The financial struggle of Ireland’s top tennis player
James McGee is Ireland’s number one tennis player, currently ranked 722nd in the world, but with the highest rank of 146th in 2015. He has been playing for Ireland Davis Cup Team since 2009, starting in the 400s, in a strong need of funding to really push on, but unfortunately got stuck. After 5 years after turning professional, he wrote about his experiences of struggles on his blog.
“For many years, my biggest concern about playing on the tour wasn’t so much about my will or ability, it was more about having the money to actually do it. I was extremely fortunate to have some private sponsors help me out for a short time when I first started on the Futures Tour (July 2008) but the money didn’t last long due to the economic downturn. I ended up being in a position in early 2009 where I had no sponsorship and very little personal money. Major challenge.”
James lack of funding at that time lead to major changes in his schedule, his game, mentality, ranking and consequently his rewards. He consequently played primarily on Futures Tour during 2009/2010, was limited to a European schedule as cross-continental flight costs were too expensive, and travelled mostly alone since he couldn’t afford a coach. “At first, it was exciting to have such freedom and to be “chasing my dream” but after some time reality kicked in. I was both alone and stressed and wasn’t sure exactly how things would pan out. Loneliness and high performance don’t mix well and it’s just not surprising that I wasn’t reaching my full potential during that period,” he wrote.
He had to take strong measures to cut costs, so he flew with the cheapest flights into a few cities that were close to some of the Futures tournaments, took a boat a few times to the UK, slept next to strangers in hostels, and even made equipment changes, at the cost of some future injuries. “Expenses can really add up on a weekly basis when you take all these factors into account and you have to remember, all of this is just for myself. If you add a coach to the equation or a physical trainer, you might as well double those costs as you have to pay their flights/hotel/food along with a weekly salary. The costs end up being astronomical,” McGee explained.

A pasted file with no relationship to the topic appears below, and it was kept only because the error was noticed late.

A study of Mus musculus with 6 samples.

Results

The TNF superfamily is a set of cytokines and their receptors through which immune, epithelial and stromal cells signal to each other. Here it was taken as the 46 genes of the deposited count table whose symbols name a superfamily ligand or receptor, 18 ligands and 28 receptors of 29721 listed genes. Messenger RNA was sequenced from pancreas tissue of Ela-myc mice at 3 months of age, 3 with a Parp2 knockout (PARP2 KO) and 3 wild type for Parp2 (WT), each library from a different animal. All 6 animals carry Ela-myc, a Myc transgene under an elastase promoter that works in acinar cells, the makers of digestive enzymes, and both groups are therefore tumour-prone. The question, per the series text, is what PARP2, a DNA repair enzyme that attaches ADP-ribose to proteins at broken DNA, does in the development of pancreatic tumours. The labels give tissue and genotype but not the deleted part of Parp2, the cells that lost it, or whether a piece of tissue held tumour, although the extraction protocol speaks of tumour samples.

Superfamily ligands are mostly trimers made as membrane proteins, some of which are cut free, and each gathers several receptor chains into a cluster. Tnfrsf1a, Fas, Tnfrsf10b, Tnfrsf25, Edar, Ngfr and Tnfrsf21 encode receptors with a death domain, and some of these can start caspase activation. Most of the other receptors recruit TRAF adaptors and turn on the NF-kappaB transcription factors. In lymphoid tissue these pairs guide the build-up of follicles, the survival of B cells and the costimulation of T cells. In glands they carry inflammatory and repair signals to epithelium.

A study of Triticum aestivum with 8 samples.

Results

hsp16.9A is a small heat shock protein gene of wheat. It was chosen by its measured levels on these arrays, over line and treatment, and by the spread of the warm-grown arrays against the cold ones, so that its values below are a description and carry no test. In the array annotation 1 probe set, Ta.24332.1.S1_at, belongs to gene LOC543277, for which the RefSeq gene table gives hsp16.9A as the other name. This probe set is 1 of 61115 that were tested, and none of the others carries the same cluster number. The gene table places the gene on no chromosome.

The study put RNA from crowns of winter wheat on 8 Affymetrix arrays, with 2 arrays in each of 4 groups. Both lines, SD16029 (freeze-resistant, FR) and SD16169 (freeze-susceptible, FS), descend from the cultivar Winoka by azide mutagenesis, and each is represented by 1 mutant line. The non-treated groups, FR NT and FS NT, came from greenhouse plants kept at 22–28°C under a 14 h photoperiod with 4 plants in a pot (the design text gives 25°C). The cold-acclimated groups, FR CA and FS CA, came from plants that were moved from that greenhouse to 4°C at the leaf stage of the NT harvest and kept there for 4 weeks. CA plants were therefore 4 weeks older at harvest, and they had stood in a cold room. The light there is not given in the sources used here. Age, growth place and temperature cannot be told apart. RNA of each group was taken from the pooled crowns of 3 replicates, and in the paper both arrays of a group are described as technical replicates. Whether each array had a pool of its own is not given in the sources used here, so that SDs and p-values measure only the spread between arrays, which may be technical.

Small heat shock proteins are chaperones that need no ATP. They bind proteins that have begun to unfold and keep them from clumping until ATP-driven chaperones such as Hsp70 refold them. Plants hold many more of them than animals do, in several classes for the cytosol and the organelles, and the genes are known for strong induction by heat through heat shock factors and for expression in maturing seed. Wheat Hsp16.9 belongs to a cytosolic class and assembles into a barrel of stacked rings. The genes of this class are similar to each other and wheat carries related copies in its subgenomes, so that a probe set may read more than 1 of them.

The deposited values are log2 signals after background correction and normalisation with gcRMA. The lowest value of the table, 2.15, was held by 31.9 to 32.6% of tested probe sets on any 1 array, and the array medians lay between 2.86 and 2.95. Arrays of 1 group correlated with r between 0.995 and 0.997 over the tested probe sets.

To make things better, he had to spend his time on training weeks searching sponsorship and world-class coaching. He was lucky enough to work few times with the world-renowned coach Bob Brett in Italy for free, and also travelled to a few tennis academies and coaches in the U.K. He spent money on travel, but took that as an investment in his future, since he made most improvement on training with a coach.
James was playing Futures tournaments to earn enough rankings points to start playing some Challenger tournaments, but the prize money there was so low he was constantly losing money. “I remember making the final of a Futures in Madrid in May 2011 and receiving under €500 in prize money. It was atrocious and I couldn’t believe my eyes when I saw the cheque. It was both discouraging and sad to see my hard work earning me very little money,” he wrote. And when you make it to Challenger Tour, constant winning is a must to break through to the ATP Tour, but as James noted, achieving this is very hard for a young player without the help of a coach.
Since James didn’t have much luck with the sponsorship, he had to live a nomadic lifestyle, playing Club tennis in France and Germany, to earn some money. He played about 11 league matches on 11 consecutive weekends in different parts, different Future tournaments in between each league, and club matches every Saturday. “It was extremely tough and led me to question a lot of my inner beliefs as to why on earth I was putting myself through this type of lifestyle. It was stressful, physically draining and lacked any real financial reward. The only thing that kept me going was the thought of “what could be” if I manage to keep grinding. I was basically in a losing race. At some point, I either had to stop playing altogether or something great would have to happen, “he wrote.
Later on, McGee was lucky enough to receive substantial funding from his home club at the end of 2011, with the help of which he progressed significantly in improving his results. It allowed him to play a full schedule of tournaments without the stress of financial worry and has led him to use Barcelona as a training base in his weeks off from the tour, where he worked with some excellent coaches and trainers.
Of curse, “money is not the be all and end all of success in tennis”, as James stressed in the end, but it helps a lot on the way to achieve someone’s sporting goals and dreams. Many prospective athletes give up because they can cope with financial struggles, but now they can count on SportyCo.
Note: The story is shortened due to the purposes of this blog. For the full post please check James McGee website.